Elon Musk's SpaceX will resume launches from pad 40 at Cape Canaveral in December with the launch of a space station-bound supply ship on top of a Falcon 9 booster. The launch is seen as a major step in boosting the company's flight rate and preparing for the debut of the long-delayed Falcon Heavy rocket.
The flight will blast off on 4 December at about 2:52 pm EST at around the time, the International Space Station's orbital pathway lines up with the launch trajectory heading northeast from Cape Canaveral.
Some adjustments of a few minutes could be made to the exact timing of the launch, assuming it remains unchanged as engineers track changes in the space station's orbit in the coming weeks.
All of SpaceX's missions this year have launched from pad 39A, a former Apollo and space shuttle launch complex the company leased from NASA. The Falcon 9's launch pad 40 which was used earlier, suffered significant damage when a rocket exploded there 1 September, 2016, during fueling before a customary pre-flight hold-down engine firing. It is located a few miles to the south at neighbouring Cape Canaveral Air Force Station.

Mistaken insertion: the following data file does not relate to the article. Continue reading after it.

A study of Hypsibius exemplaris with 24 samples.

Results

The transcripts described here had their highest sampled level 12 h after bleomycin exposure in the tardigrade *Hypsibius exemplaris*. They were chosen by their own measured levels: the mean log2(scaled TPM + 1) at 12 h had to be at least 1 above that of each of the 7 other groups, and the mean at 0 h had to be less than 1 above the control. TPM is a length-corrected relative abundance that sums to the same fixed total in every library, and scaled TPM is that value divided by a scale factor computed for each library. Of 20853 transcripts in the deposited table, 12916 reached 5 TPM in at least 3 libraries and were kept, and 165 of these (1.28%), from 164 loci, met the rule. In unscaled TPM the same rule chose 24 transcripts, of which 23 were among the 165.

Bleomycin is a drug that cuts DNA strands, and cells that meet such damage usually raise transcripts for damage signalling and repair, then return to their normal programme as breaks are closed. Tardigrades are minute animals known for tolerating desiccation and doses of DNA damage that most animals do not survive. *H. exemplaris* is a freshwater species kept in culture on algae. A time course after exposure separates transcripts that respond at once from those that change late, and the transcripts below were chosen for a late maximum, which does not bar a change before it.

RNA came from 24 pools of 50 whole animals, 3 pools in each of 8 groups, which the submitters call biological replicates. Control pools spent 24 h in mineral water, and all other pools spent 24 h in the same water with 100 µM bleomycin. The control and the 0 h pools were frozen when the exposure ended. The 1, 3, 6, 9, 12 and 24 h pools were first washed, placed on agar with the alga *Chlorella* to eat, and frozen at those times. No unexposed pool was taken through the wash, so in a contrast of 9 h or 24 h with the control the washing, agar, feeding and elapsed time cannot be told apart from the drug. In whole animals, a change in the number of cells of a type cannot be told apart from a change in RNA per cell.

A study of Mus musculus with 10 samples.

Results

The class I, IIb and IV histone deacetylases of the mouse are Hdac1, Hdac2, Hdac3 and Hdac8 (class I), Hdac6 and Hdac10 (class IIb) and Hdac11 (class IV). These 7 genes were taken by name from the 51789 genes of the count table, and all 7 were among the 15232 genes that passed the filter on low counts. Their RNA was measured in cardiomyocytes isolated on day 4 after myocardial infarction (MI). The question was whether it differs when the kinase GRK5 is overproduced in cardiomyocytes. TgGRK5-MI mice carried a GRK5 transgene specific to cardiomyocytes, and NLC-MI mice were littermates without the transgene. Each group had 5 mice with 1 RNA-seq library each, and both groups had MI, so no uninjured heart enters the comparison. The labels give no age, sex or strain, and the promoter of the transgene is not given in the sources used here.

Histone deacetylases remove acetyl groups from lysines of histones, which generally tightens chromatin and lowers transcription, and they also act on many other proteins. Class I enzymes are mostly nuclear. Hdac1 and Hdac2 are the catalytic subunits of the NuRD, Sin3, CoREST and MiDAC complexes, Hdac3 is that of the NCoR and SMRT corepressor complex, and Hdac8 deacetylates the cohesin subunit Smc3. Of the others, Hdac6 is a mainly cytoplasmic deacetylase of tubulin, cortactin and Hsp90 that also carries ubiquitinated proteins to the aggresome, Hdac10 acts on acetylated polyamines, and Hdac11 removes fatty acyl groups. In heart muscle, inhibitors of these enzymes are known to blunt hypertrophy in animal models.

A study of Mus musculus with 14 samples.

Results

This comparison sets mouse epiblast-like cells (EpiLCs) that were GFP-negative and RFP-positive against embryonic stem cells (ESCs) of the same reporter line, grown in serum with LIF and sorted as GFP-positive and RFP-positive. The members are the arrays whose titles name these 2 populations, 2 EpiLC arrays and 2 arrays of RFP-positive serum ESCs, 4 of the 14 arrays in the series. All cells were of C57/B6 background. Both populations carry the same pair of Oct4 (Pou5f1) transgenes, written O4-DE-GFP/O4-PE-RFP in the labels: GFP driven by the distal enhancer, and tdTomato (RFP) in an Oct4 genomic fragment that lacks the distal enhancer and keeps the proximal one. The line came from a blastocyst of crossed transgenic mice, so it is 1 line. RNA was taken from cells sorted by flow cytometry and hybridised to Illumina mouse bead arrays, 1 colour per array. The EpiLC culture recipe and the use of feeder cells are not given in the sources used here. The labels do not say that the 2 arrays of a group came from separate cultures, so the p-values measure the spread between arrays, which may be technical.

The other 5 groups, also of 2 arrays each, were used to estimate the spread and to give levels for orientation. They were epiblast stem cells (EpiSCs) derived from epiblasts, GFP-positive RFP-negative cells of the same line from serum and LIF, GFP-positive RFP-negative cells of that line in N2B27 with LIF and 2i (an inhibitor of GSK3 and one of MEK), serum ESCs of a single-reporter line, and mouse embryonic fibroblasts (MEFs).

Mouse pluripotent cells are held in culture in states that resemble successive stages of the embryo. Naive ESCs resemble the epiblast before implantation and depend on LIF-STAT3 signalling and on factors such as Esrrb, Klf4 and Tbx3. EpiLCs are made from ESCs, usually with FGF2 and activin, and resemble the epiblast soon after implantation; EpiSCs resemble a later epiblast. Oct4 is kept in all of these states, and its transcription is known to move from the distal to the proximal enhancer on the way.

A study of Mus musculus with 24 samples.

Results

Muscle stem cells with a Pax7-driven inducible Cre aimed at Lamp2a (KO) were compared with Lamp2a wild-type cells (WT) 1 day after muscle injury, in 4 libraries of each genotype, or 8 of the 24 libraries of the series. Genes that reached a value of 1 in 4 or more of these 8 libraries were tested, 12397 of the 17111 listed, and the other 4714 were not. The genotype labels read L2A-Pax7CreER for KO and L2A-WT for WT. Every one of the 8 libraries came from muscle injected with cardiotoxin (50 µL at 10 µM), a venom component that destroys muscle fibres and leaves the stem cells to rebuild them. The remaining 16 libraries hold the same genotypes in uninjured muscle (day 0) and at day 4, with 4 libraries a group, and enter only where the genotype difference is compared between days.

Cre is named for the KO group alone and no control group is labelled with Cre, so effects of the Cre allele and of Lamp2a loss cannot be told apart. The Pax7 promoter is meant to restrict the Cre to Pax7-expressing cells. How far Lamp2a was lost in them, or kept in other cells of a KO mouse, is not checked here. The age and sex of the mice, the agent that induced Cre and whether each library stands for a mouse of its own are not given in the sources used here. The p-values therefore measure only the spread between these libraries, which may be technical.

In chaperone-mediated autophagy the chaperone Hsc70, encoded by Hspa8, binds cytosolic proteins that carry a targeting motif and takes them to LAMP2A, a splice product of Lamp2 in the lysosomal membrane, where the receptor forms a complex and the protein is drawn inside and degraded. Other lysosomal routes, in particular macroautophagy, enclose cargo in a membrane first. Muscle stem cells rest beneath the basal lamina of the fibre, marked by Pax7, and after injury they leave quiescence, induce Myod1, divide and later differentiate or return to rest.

According to investigators, the most likely cause of the explosion was the rupture of a high-pressure helium reservoir inside the Falcon 9's upper stage liquid oxygen tank.
SpaceX's Falcon Heavy is designed to be able to carry humans into space, something Musk's company has not yet done, but it is likely to be first used to haul some heavier satellites. SpaceX has scheduled four launches which will use Falcon Heavy.
In addition to sending big stuff into orbit, a key selling point for the Falcon Heavy, according to Musk, is that it will restore the possibility of sending humans beyond the International Space Station, perhaps to the moon or even Mars.